So this year my daughter will be in 8th grade, and it will be our first full year of homeschooling. So as our friends are busying buying backpacks and new shoes, back-to-school looks a bit different at our house this year.
First of all, since we dual-enroll through the public school they provide all of our curriculum and won’t be dropping it off until the third week of August, so I am not able to do any lesson planning ahead of time. I am, however, able to get a lot of organization done that will make starting our year a lot smoother when her books do get here!
I love printables. And I love planners. I purchased an eBook bundle this spring, and was pleasantly surprised that a couple of printable homeschool planners were included. The HANDS DOWN winner was the Simple Homeschool Planner from The Art of Simple. It is simple, clean, and USEFUL. A lot of other planners I have looked at aren’t relevant to an 8th grade education, or are more style than substance. I can’t say enough good things about this planner. If I made one myself, it would look exactly like this.
What I love about using a planner is that not only do I have sufficient records for what we did throughout the school year, I can plan ahead for the pages and lessons that should be covered for the week. That way if I have to work and my husband is handling school for the day, its all laid out for him. This is my most necessary tool for homeschooling.
The curriculum the public school provides covers the core subjects of math, reading, language arts, science, and civics, but subjects like art or technology are not mandatory. My daughter is interested in learning photography and editing, so this year we will be utilizing several different avenues of technology as curriculum, in addition to what I can teach her myself. Lynda.com is a cool web site with almost 3,000 videos on topics ranging from Photoshop to design to business. Memberships start at $25 a month, and provide unlimited viewing.
After we finish out photography and editing module, my husband will be taking the reigns. He holds a bachelor’s degree in digital media, and sound recording is his passion. He will be teaching her the basics of recording, and they plan to record a song together. Now that is definitely something she would not have access to in public school!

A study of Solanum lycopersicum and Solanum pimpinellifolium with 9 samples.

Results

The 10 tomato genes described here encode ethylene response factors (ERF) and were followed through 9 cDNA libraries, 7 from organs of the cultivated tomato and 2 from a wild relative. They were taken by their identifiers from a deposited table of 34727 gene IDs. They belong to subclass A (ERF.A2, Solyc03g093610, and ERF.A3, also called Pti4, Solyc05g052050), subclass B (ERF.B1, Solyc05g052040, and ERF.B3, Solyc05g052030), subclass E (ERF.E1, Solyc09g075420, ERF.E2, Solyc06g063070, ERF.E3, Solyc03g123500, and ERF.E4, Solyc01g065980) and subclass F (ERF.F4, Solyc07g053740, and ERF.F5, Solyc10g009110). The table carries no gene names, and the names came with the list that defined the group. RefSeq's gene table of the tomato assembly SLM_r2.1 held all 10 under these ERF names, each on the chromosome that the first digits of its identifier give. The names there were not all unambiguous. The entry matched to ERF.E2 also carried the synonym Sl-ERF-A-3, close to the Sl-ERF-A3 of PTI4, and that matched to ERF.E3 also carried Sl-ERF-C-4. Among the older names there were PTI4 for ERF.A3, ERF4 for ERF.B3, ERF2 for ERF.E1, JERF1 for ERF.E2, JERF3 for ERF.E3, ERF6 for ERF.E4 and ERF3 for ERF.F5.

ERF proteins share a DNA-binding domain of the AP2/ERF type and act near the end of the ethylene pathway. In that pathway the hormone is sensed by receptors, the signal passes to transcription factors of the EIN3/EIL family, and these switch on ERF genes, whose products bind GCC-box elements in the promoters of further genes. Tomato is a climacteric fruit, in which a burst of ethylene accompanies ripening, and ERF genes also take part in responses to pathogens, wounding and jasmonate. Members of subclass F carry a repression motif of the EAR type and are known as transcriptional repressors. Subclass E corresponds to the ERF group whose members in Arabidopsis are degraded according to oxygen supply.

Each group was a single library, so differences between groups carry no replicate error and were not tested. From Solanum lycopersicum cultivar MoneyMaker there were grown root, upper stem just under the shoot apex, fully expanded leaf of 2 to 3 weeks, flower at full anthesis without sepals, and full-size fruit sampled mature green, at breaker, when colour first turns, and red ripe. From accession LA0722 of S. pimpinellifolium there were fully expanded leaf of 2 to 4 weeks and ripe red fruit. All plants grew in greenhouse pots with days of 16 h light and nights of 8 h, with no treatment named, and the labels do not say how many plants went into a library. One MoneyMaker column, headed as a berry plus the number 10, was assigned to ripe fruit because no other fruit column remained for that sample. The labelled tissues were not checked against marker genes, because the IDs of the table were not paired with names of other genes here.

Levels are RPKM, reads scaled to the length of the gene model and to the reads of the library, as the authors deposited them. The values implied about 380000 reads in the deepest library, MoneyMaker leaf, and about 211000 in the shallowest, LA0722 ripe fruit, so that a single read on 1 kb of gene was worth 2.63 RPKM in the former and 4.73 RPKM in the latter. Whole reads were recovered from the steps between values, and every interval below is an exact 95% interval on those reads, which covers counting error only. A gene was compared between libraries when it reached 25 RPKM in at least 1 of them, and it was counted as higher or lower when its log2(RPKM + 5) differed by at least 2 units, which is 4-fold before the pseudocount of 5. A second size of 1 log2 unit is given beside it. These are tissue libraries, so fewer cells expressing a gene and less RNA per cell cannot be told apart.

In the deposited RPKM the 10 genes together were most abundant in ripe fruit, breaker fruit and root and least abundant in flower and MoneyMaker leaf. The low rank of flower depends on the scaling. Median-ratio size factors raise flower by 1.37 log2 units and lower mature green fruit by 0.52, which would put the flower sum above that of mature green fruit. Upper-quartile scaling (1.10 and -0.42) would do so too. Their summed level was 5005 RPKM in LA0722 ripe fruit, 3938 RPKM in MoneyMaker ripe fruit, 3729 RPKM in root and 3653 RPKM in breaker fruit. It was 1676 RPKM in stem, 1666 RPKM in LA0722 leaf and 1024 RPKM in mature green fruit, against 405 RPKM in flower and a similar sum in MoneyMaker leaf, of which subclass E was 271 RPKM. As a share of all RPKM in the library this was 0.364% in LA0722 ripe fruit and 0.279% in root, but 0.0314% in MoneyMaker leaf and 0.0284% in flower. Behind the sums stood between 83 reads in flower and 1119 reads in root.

Back to School Shopping
Back to school shopping also looks a bit different in our homeschooled household. There is no need to purchase a new wardrobe because she will be sitting at the kitchen table almost every morning. She will still be participating in orchestra at the public school, which is 2-3 times a week, so she has requested a couple of new outfits (you HAVE to have a new outfit to show your friends, you know) but we will see a significant savings on what we normally spend for back-to-school clothes.
As far as school supplies, a few notebooks and pencils are the core of what we use, and we still have things like note cards and post-its left over from last year. Without the pressure of a school supply list, I won’t have to purchase $3 folders because its the only orange one left in the store. We will see a significant savings in this area as well.
We will be purchasing a filing system and some specific essential oils for back to school – and I will elaborate on those in an upcoming post.
Without advance access to the curriculum, its a little hard to lesson plan. But something I discovered in the month we homeschooled this spring was that it makes more sense to lesson plan a week at a time. With only 1 student it really isn’t that hard to stay organized, and sometimes we end up spending more or less time on a section than I anticipated. Planning a week at a time makes it easy to re-adjust when necessary.
I do try to plan core subject by semester, like doing photography and editing one semester, and audio recording the next. That way I can purchase the curriculum or supplies I need to ahead of time!
We aren’t starting school until August 18 this year, which is almost a week after the public school, so maybe I will be more frantic as it gets closer. But so far I am pretty relaxed and confident about our school year.
We are going to reevaluate at the end of 8th grade whether we want to continue homeschooling in high school. So I am very excited to do the absolute best we can in 8th grade, as it may be our first and last year of homeschooling.
What does back to school look like in your home?